The requirements for becoming a certified teacher vary slightly between states. Accordingly, it’s important to learn about the requirements for applying for a teaching certification in Washington.
Requirements for certified teachers in Washington
In the state of Washington, the teacher certification process is overseen by the Office of Superintendent of Public Instruction (OSPI). OSPI stipulates that anyone who applies for a teaching certification in Washington must hold at least a bachelor’s degree or higher. In addition, you must also successfully complete a teacher preparation program that has been approved by the state. It is also possible to achieve certification through an alternative path preparation program for teachers.
If you are not a Washington resident, then you must verify that you have no fewer than three years of experience teaching. Additionally, you must hold a certificate from another state.
Out-of-state applicants may be issued a temporary permit. Within one year, you are required to pass the basic Washington Educator Skills Test, the WEST-B. The WEST-B is also administered to all students entering a teacher preparation program in Washington. The WEST-B test is an assessment of your basic reading, writing, and math skills.
An additional test, the WEST-E, may also be required for teachers seeking endorsements in specific subjects. Both out-of-state applicants and Washington residents are eligible to take the WEST-E if they would like to demonstrate their expertise in certain course content.
A fingerprinting background check is also required for all candidates.
Washington jobs for licensed teachers
If you want to become a Washington certified teacher, then it’s important to understand that several different teaching certificates are available. Your education, goals and experience will help to determine which certificate is the right one for you.
- Residency Certificate: This is the basic level certificate that is almost always issued to new teachers. The certificate remains valid until a school district within Washington state reports to OSPI that you have been employed as a teacher and have acquired 1.5 FTE or longer in that role.
- Professional Certificate: This is an advanced certificate that is available to candidates who have at least two consecutive years of teaching experience. The state also requires candidates to complete an Issues of Abuse training course about their responsibilities if they suspect a child is being abused. Most importantly, the candidate must undergo the ProTeach Portfolio program, which assesses teachers based on the effectiveness of their teaching skills, their professional development and their contributions to the profession.
- Substitute Certificate: This certificate is valid for life and is given to individuals who wish to be a substitute teacher in the state. The requirements for this certification are the same as those for a regular certificate.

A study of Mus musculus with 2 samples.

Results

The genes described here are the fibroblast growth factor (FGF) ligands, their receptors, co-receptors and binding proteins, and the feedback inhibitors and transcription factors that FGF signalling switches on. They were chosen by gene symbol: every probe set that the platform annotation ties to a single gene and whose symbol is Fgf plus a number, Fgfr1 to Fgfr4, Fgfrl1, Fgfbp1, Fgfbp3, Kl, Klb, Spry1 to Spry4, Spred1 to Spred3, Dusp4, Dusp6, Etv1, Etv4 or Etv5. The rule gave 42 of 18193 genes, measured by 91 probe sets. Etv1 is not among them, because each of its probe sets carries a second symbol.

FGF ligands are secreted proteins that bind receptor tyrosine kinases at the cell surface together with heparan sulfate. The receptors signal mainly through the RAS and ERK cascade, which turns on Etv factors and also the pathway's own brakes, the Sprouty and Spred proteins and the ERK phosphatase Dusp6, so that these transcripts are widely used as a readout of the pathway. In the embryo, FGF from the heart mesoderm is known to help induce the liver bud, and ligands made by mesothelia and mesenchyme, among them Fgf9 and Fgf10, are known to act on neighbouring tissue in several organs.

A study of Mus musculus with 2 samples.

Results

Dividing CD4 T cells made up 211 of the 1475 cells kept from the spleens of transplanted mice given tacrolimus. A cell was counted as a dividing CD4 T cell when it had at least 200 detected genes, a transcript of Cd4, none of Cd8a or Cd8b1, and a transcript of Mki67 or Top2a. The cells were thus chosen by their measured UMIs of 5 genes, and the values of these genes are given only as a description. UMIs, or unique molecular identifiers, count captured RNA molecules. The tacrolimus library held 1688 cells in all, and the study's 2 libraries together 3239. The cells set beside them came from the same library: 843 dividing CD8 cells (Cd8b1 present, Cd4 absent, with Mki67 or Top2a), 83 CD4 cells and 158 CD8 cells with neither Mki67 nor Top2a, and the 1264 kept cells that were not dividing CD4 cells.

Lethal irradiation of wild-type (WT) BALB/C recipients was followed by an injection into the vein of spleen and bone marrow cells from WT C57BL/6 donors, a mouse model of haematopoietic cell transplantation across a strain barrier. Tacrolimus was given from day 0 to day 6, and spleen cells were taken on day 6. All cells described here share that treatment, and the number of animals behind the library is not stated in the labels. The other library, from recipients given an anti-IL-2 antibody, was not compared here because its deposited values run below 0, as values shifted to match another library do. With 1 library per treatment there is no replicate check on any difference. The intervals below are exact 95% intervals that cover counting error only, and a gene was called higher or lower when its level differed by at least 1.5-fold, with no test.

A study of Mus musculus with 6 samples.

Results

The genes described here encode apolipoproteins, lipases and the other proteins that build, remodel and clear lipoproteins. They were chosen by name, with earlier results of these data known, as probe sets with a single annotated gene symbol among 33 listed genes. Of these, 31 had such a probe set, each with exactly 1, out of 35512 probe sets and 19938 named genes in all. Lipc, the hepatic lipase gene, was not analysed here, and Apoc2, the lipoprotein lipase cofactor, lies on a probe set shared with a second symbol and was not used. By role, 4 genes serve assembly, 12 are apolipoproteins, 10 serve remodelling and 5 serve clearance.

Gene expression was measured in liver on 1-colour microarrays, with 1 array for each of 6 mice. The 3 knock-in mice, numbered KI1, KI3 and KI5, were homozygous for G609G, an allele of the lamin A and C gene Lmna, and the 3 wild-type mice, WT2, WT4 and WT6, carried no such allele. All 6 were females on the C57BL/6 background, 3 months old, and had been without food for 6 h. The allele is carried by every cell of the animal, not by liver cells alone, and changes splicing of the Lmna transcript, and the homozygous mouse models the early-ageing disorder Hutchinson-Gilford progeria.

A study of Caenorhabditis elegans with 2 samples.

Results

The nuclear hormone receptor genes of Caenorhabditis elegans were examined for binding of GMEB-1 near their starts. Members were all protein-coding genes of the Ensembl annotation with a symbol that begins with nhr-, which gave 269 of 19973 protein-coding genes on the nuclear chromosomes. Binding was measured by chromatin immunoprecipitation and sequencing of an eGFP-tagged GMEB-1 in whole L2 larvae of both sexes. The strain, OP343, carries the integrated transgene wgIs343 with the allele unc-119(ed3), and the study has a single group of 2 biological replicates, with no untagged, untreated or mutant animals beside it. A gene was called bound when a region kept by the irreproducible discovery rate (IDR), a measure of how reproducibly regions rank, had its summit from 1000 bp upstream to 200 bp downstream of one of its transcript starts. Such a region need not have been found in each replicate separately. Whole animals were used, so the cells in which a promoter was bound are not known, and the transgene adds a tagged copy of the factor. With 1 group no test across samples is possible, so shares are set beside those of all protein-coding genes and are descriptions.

- Limited Teaching Certificate: These are available on rare occasions at the request of an employer on a conditional or emergency basis. Limited certificates are valid only for a prescribed time.
- Student Teaching: This certificate is only available if you are enrolled in a teacher preparation program and will be student teaching in Washington.
If you plan to teach a subject designated as a Teacher Shortage Area (TSA) by the U.S. Department of Education, you might be eligible for student loan deferment or cancellation. The following TSAs have been approved for Washington for the 2015-2016 school year:
- Bilingual Education
- Early Childhood Special Education
- Earth and Space Science
- English Language Learner
- Middle Level Education
- Occupational Therapist
- Physical Therapist
- School Nurse
- School Psychologist
- Special Education
- Speech Language Pathologist
A full and current list of TSAs for each state is available via the U.S. Department of Education’s Office of Postsecondary Education.
Teaching license reciprocity in Washington
Washington participates in a teaching license reciprocity agreement with the National Association of State Directors of Teacher Education and Certification (NASDTEC). When you apply for a teaching certificate in one state using an existing license from another, the “destination state” is actually recognizing your credentials as verification that you are qualified to teach. You must still meet all requirements before you can teach there.
Fortunately, the NASDTEC Interstate Agreement for Educator Licensure streamlines this application process and expedites the goal of teaching in your new state. For more information, see Teaching License Reciprocity Explained.
Disclaimer: Licensing requirements are subject to change. Please visit your state board of education to check for recent revisions to teaching license requirements.